Megastar Amitabh Bachchan today said that though India is a country with various beliefs, religion should not be a hurdle in health and medication.
The 73-year-old actor, who is the brand ambassador of India in the fight against tuberculosis (TB), said during the polio eradication campaign he found that there were few communities who stayed from the medication in name of their belief.
“The huge problem which we face during health campaigns is, how one should reach out to the people? India is a diverse country with various beliefs which keep people away from taking a specific kind of medication.
“We had problems with polio. There were several communities, who thought taking polio drops was something against their caste or religion. Health and medication should not be linked to religion,” said Bachchan while launching the campaign “Call to Action: A TB Free Haryana.
The “Piku” star also opened up about why eradicating TB was close to his heart.
“… I was diagnosed with TB in 2000 and I felt that I need to talk about it because I have a personal interest in the cause. It makes a point to share the issue with others and encourage them to perhaps fight with the problem face to face,” he said.
- Anti-polio campaign targeting 3.5 million children begins in Pakistan
- Women suffering from TB are stigmatized in India, says Amitabh Bachchan
- Big B to take part in AP Government’s campaign on health
- Aishwarya makes sure that Aaradhya gets her polio drops: Amitabh Bachchan
- Amitabh Bachchan happy with polio eradication from India
- Amitabh Bachchan to be honoured for polio work
The actor along with Haryana Chief Minister Manohar Lal Khattar was present at the launch of two mobile vans to support in the campaign and he took the occasion as a platform to break myths attached with the disease.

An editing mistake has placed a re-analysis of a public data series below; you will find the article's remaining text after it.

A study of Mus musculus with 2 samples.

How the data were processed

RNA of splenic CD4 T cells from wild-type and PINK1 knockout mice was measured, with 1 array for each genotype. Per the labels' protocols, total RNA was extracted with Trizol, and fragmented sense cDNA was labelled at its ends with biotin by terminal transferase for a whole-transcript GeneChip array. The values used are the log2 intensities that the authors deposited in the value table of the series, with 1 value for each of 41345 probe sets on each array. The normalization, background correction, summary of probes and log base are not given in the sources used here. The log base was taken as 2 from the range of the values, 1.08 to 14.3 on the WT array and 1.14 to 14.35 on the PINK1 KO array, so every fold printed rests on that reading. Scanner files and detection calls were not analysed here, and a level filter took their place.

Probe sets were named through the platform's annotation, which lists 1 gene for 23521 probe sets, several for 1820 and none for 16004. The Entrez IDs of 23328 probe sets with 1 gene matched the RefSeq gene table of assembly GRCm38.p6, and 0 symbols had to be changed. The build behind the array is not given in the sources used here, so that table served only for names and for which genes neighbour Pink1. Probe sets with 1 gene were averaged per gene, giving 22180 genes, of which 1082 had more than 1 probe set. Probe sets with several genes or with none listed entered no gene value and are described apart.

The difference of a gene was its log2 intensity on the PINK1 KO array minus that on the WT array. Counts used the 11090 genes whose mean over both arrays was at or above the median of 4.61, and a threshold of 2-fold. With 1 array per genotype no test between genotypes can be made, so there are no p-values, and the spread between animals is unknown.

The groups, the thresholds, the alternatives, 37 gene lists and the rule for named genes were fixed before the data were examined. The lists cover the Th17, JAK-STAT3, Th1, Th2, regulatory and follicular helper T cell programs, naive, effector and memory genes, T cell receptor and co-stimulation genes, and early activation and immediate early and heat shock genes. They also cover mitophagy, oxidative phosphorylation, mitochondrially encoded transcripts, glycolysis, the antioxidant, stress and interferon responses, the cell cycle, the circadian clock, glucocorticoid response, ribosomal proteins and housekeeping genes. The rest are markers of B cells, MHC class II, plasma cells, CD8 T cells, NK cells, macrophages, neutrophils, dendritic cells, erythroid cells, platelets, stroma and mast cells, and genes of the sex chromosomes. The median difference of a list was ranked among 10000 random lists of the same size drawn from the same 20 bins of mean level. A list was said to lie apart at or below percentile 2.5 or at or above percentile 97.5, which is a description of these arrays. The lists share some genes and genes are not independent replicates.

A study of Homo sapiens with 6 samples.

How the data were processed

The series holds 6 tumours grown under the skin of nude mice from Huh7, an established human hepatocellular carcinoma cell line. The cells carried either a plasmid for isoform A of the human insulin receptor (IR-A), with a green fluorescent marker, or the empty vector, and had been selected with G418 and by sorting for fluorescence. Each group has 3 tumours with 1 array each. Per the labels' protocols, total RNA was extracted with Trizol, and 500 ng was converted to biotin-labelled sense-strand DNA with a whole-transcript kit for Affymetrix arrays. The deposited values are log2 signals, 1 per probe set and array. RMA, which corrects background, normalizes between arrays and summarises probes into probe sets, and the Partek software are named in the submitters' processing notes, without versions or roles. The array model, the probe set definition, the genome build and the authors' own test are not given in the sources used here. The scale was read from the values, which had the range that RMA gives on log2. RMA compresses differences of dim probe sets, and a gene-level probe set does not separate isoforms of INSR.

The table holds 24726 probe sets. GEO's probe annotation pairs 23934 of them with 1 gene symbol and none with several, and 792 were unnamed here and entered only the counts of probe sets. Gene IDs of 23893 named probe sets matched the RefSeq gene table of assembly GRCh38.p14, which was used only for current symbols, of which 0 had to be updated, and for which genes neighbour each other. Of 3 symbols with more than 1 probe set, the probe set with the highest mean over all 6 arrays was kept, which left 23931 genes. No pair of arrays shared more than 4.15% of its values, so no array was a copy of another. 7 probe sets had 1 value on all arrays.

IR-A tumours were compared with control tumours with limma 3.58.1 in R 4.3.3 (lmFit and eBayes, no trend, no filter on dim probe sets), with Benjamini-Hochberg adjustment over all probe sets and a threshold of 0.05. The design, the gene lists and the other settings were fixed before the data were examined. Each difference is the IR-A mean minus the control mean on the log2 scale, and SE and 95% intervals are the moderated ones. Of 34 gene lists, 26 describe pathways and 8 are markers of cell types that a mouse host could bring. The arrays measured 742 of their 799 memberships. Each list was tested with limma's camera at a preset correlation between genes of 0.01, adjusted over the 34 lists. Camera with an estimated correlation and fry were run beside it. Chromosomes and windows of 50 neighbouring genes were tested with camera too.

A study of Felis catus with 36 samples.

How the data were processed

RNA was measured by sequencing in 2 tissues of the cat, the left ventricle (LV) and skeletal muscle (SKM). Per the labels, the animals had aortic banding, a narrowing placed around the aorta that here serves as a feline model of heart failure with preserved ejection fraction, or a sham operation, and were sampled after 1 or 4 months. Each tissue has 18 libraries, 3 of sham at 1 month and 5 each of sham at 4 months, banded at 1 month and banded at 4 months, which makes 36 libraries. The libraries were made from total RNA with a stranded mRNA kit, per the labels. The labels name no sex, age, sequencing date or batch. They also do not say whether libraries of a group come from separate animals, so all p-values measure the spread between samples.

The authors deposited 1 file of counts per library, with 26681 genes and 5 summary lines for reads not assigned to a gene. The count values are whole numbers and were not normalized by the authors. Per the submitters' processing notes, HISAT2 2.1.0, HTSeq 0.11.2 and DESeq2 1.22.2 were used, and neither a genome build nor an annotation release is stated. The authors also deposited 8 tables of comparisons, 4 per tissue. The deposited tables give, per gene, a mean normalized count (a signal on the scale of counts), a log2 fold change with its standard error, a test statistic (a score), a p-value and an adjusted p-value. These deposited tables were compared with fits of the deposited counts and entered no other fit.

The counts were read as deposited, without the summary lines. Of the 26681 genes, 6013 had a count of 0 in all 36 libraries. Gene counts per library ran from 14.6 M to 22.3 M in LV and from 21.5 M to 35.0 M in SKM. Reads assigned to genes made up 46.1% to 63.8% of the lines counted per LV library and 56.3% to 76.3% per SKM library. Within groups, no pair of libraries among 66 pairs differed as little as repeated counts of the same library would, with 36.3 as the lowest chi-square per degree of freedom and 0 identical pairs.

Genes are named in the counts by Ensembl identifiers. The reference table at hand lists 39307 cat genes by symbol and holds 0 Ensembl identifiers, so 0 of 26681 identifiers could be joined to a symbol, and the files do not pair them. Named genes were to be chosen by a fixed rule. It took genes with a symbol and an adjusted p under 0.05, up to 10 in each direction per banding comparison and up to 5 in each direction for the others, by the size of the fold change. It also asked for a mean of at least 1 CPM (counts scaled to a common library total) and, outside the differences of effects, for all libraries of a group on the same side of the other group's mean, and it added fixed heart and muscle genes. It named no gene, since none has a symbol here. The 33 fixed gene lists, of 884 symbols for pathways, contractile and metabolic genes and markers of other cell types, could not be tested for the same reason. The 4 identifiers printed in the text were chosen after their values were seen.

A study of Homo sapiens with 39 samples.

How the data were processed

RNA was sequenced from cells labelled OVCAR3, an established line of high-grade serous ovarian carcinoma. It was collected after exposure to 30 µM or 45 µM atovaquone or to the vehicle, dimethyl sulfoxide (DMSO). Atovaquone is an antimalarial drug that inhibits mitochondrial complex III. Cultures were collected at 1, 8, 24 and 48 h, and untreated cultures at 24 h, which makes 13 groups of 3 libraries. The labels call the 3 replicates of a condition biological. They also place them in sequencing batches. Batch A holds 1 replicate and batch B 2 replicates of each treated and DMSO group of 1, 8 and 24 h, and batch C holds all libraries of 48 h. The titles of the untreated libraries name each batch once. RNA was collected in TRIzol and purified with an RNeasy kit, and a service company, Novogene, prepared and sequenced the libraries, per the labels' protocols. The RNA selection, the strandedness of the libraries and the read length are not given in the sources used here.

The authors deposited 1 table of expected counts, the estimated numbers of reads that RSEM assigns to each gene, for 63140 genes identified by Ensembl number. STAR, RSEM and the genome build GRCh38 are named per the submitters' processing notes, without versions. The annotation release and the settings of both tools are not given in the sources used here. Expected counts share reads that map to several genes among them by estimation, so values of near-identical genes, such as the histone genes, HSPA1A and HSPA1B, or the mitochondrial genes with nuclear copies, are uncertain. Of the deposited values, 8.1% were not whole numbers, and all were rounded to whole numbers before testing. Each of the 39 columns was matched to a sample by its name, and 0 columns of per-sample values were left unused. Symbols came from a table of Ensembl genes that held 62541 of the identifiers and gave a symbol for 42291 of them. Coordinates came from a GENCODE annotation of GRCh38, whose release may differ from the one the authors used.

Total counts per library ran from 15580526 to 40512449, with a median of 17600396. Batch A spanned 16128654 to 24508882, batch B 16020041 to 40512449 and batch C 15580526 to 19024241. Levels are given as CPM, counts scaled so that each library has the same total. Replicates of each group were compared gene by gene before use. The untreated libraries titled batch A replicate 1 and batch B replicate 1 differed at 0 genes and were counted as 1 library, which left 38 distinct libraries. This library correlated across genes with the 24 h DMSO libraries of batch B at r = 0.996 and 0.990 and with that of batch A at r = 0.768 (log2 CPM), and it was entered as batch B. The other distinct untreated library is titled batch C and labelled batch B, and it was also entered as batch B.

“Normally TB is associated with people, who live in poor conditions, … but what I want to convey is that irrespective of the environment you live in there is a possibility that you can attach TB to your body,” he said.
“I also want to say, even though I got infected by tuberculosis I was able to cure it by medication. If I am standing in front of you today I can say confidently I am absolutely free of TB,” he added.
Bachchan, who has been appointed as the ambassador for girl child by UN, also expressed his desire to work for Haryana’s “Beti Bachao Beti Padhao” campaign.
“There are many things that all of us do with a heart. Most of us are involved in several campaigns and activities which are done voluntarily, but have a far reaching effort.
“United Nations and UNICEF have appointed me as the ambassador for girl child and if Chief Minister of Haryana Mr Khattar wants any support from me in ‘Beti Bachao Beti Padhao’ campaign I will willingly do it,” he said.
Bachchan said the success of the polio campaign inspired him to take up the cause of TB eradication.
“The inspiration behind getting attached to this cause was the polio eradication campaign which I was a part of. And almost eight years later, I am proud to say today we are free of polio. One day I wish to see our country free from TB as well.”
The initiative, undertaken by Medanta – The Medicity hospital, has been launched in collaboration with the government of Haryana, the International Union Against Tuberculosis and Lung Disease (The Union) and the Central TB Division of the Ministry of Health & Family Welfare.